Over the past 32 years, there has been a total of 23 members in the Fired Up! group. From May 27-29, ten core Fired Up! members and four guests will gather in the Metchosin Community Hall for their much-anticipated annual Fired Up! 2016 Ceramics Exhibition. Ceramic enthusiasts and collectors will be thrilled to experience this group’s exhilarating and innovative work together under one roof.
An annual tradition to select a theme for the exhibit, the group chose “wood firing” to mark this year’s distinctive show. Informed by the ceramics anthology, The Art of Earth, compiled by Rona Murray and Walter Dexter, the group will be creating a wood-fired piece in honour of their friend and former Fired Up! member, Walter Dexter, who passed in 2015.
One month prior to the exhibition, these core participants will visit Gordon Hutchens’ studio on Denman Island to fire their work in one of the world’s only Tozan Anagama (cave) kilns. First developed in Korea in the 5th Century, this wood-fired kiln moved to China and Japan and was one of very few in the world when it was built at Hutchens’ studio in 1998.
Built into a slope in the ground, a continuous supply of firewood is required to fuel the fire around the clock until the desired temperature is reached. A complex interaction between flame, ash, and the minerals in the clay forms a unique natural ash glaze altering colours and textures to create distinctive works of art.
Hutchens’ visit to Japan at 14-years-old marked the birth of his interest in pottery and the allure of the anagama kiln. Holding on to the idea of building his own kiln for many years, Hutchens chose his Denman Island property based on its ideal landscape to build a traditional wood-fired kiln. While involved in building two renowned Tozan Anagama kilns at Malaspina University-College in Nanaimo, he had the honour of meeting Yukio Yamamoto, the “world master” of anagama and noborigama kilns. Under the guidance of Dr. Yamamoto, Hutchens designed and built his own kiln, the fourth of its kind in the world, between August 1996 and April 1998.
Hutchens fires his kiln biannually and this year marks his second session with Fired Up!. “Its a team effort and lots of fun,” he says. About 12 feet deep and 4-5 feet wide, the kiln has over 250 cubic feet of space. Hutchens describes loading the kiln as a three-dimensional jigsaw puzzle. Lined with shelves, the kiln’s flames move across the vessels towards the rear of the kiln. “I try to imagine the river of fire,” he says “the way it weaves around the rock-like pots, caressing each clay vessel in its path.”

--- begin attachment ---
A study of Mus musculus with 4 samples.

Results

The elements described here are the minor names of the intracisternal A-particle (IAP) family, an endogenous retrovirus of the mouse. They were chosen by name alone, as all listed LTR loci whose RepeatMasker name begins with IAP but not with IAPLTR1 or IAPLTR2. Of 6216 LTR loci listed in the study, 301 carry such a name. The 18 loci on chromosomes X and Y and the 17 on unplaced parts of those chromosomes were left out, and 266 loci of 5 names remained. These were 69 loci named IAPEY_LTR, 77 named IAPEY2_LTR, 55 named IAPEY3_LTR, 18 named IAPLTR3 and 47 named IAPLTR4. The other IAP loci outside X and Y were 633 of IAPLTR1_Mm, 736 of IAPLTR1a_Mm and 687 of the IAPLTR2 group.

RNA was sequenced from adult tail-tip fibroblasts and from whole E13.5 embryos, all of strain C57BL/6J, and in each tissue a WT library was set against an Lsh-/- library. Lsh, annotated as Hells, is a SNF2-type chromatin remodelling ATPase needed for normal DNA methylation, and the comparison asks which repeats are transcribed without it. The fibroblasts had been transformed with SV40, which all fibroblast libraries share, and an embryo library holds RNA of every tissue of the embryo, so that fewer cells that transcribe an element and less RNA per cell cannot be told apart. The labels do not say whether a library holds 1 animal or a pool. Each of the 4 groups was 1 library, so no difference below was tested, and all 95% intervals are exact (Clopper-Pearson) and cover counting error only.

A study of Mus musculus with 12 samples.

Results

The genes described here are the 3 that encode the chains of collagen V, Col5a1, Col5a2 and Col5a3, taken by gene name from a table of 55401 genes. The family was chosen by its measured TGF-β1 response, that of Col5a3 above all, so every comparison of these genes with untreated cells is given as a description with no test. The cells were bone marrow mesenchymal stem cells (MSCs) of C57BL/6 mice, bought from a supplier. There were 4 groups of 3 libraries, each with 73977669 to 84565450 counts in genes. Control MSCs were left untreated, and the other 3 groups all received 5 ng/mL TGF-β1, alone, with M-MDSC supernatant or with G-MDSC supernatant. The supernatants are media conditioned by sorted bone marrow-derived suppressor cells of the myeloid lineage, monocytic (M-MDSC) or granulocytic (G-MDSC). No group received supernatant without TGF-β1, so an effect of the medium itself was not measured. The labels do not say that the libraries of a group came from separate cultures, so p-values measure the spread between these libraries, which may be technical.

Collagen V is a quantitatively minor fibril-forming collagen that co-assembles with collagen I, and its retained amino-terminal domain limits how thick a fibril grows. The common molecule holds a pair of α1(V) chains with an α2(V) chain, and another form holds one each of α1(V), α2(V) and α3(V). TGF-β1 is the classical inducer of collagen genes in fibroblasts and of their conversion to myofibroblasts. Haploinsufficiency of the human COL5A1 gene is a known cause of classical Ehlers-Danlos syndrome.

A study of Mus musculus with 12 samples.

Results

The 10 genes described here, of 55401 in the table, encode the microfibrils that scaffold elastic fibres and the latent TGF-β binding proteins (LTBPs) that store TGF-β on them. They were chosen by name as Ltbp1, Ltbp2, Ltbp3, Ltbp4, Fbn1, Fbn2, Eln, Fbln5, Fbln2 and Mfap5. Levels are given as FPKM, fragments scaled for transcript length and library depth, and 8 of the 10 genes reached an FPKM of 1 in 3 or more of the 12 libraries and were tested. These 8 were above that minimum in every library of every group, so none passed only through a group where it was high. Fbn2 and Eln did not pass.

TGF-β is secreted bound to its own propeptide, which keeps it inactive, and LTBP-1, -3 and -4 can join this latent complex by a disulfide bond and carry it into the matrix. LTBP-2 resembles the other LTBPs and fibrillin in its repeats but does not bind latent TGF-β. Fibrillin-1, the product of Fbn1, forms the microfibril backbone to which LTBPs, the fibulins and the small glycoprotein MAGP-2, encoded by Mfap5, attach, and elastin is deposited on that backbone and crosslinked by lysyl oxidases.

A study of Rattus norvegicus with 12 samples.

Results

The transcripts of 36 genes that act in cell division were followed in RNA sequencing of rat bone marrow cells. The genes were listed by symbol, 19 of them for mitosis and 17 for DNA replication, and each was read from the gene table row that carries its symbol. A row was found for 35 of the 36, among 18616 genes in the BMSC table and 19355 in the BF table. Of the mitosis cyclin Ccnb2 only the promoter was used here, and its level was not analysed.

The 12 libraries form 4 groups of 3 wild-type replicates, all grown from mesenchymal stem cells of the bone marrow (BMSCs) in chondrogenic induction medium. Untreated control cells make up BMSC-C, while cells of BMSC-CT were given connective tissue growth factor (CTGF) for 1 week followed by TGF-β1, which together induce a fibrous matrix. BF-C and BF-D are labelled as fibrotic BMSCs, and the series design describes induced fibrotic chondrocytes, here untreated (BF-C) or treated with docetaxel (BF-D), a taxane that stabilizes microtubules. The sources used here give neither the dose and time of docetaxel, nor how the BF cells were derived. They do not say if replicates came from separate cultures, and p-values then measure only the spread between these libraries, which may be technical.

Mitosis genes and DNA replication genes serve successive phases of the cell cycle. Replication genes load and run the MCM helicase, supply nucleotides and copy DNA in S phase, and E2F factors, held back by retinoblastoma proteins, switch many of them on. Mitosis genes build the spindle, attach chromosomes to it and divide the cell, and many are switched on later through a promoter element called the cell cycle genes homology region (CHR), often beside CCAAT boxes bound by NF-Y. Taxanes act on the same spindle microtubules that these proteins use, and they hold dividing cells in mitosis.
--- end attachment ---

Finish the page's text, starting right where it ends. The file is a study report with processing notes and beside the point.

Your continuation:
Using up to five cords of wood to achieve firing temperature, the result is a more natural, primitive surface with each piece conveying a narrative of how it connected with the flame and wood ash. The ash forms its own blushes and unique flashes of colour as it progressively settles on the pieces. When Hutchens greets guests at the Fired Up! exhibit in Metchosin, “one thing is for certain,” he says “they will see the best work of the past year.”
A member of Fired Up! since 1984, Meira Mathison’s ceramics radiate vitality and gestural energy. After throwing a pot, she often manipulates the form, adding liquid slips and several layers of glazes which should result in rich textural pieces as a result of the wood-firing. For the April firing on Denman Island, Mathison plans to use forms that encourage the collection of ash on their surfaces. She hopes for “luscious surfaces with depth and brilliance.”
Potting since the early 1970’s, Mary Fox continues to push the boundaries of creativity to produce inspiring forms and trademark glazes. Often described as elegant vessels that resemble unearthed antiquities, Fox’s work fired in an anagama kiln is sure to deepen her already textured pieces. A long history with Fired Up!, Fox enjoys sharing her knowledge of the art form and looks forward to chatting with emerging potters at Fired Up! 2016. Guests at the show will be the first to see her signature successes from the wood-firing on Denman Island.
Sculpting clay into textural forms where architecture intersects with landscape and organic meets urban, Samantha Dickie‘s abstract sculptures are informed by the rich history of ceramics, from the ancient remnants of utilitarian objects to the contemporary use of sculptural abstraction and innovative installation. Exploring the dynamic relationship between organic, earthly beauty and the remnants of decay, it will be exciting to experience the textural results of Dickie’s work in the anagama kiln. Marking her twentieth year of working with clay, Dickie is always open to a dialogue about ceramics and her process.